Many of your know that I’m a big fan of Nicole Abboud’s podcast, GenY Lawyer. It’s supposedly designed for millennials but you wouldn’t know it by me. It’s really about life and coping with day to day problems, big and small, we all face in the legal profession (no matter what your role) and life itself.
In her May 6 episode, Abboud talks about her personal journey and her job burnout in a very personal way. She also talks about what she did about it and the power of meditation and mindfulness. It’s a good example of what another inspiration of mine, Brené Brown, calls the power of vulnerability. If you want to quickly understand what Brown means, listen to her YouTube Daring Greatly speech. Brown says everything you need to know about vulnerability and its power can be summarized in the Teddy Roosevelt Daring Greatly speech she (and I) love:
It’s not the critic that counts; nor the man who points out how the strong man stumbles, or where the doer of deeds could have done them better.
The credit belongs to the man who is actually in the arena, whose face is marred by dust and sweat and blood,…who at best knows in the end the triumph of high achievement, and who at the worst, if he fails, at least fails while daring greatly.
Brown says in her book Daring Greatly that this is the essence of vulnerability: “vulnerability is not knowing victory or defeat, it’s understanding the necessity of both…it’s being all in.” As she puts, if you want to show up and be seen in your life, you’re going to get your ass kicked. It’s as simple as that; its what life is all about.
If you want to show up and be seen in your life, you’re going to get your ass kicked. It’s as simple as that.
Of all the great lessons from Abboud’s podcast, the one I most took to heart was her last line: “As soon as I publish this, I am going to stop worrying about it.” Just like the Roosevelt’s Daring Greatly speech, with one statement, Abboud reveals something profound about vulnerability. It doesn’t matter so much what we think about what she revealed in her podcast, she dared to put it out there and is all in. All too often we dare to share something personal with someone and then stew about whether we should or shouldn’t have or whether we said it the right way. Or worse, we stew about it on the front end and elect not too share.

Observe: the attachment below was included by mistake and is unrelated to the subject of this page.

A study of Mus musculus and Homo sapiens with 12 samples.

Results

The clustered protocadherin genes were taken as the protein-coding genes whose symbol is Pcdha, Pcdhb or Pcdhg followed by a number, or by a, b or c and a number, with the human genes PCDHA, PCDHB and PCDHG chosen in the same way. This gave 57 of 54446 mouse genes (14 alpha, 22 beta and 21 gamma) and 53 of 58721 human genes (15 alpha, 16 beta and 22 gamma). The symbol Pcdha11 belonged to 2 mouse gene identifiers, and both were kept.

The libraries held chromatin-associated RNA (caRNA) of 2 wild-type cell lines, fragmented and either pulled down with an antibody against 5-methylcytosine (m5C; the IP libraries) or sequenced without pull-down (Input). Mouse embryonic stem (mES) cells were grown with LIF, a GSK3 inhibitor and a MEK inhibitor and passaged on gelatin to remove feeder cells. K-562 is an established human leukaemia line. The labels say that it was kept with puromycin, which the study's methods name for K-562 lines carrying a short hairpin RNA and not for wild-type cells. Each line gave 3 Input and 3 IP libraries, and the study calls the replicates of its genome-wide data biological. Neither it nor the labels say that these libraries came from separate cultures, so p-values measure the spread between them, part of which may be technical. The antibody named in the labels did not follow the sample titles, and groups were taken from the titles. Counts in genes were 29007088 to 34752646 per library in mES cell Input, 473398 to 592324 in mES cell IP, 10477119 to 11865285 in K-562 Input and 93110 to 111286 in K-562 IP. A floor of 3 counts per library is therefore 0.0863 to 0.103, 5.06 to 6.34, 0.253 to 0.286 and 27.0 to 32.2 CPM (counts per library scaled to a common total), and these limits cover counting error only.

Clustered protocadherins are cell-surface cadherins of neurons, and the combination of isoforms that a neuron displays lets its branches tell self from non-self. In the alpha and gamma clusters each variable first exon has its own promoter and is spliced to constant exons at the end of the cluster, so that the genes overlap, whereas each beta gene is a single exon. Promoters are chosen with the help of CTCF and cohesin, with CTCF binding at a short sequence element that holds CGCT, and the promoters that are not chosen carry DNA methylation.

But being all in is to dare to share part of yourself. It’s understanding it’s something you need to do. Not for others but for yourself. I love the line because what Abboud is really saying is worry less about what others think of your vulnerability and more about what you need to be whole. It’s something I’ve been working on lately. And yes, I do get my ass kicked from time to time but it’s ok. I’m showing up. I’m all in.
When I was an associate, my wife used to proudly tell partners I was a nice man. I finally had to tell her not to do that because it was a perceived weakness and would hurt my career. Think about what that says.
So you may ask, what does that have to do with a legal blog the slogan of which is no bullshit? Those in the legal profession, particularly in the litigation arena are trained to never show weakness. It’s professional suicide. When I was an associate, my wife used to proudly tell partners I was a nice man. I finally had to tell her not to do that because it was a perceived weakness and would hurt my career. Think about what that says.
And what’s the cost of the take no prisoners, show no weakness approach to life and practice? Fractured relationships, drowning pain with substance abuse, living with constant professional and personal unhappiness. It’s a professional scourge. Now that I no longer practice, I see the damage more clearly.
No bullshit means being honest and calling things as you see them. It also means being vulnerable and authentic.
No bullshit means being honest and calling things as you see them. It also means being vulnerable and authentic. Otherwise, I’m not leading a no bullshit life and this wouldn’t be a no bullshit blog.
So to go back to Abboud’s last line: it doesn’t matter so much what others think: its what you think. Be vulnerable and stop worrying about it. And to quote Abboud “the second I publish this, I’m going to stop worrying about it”. 😊
Happy Memorial Day Weekend everyone.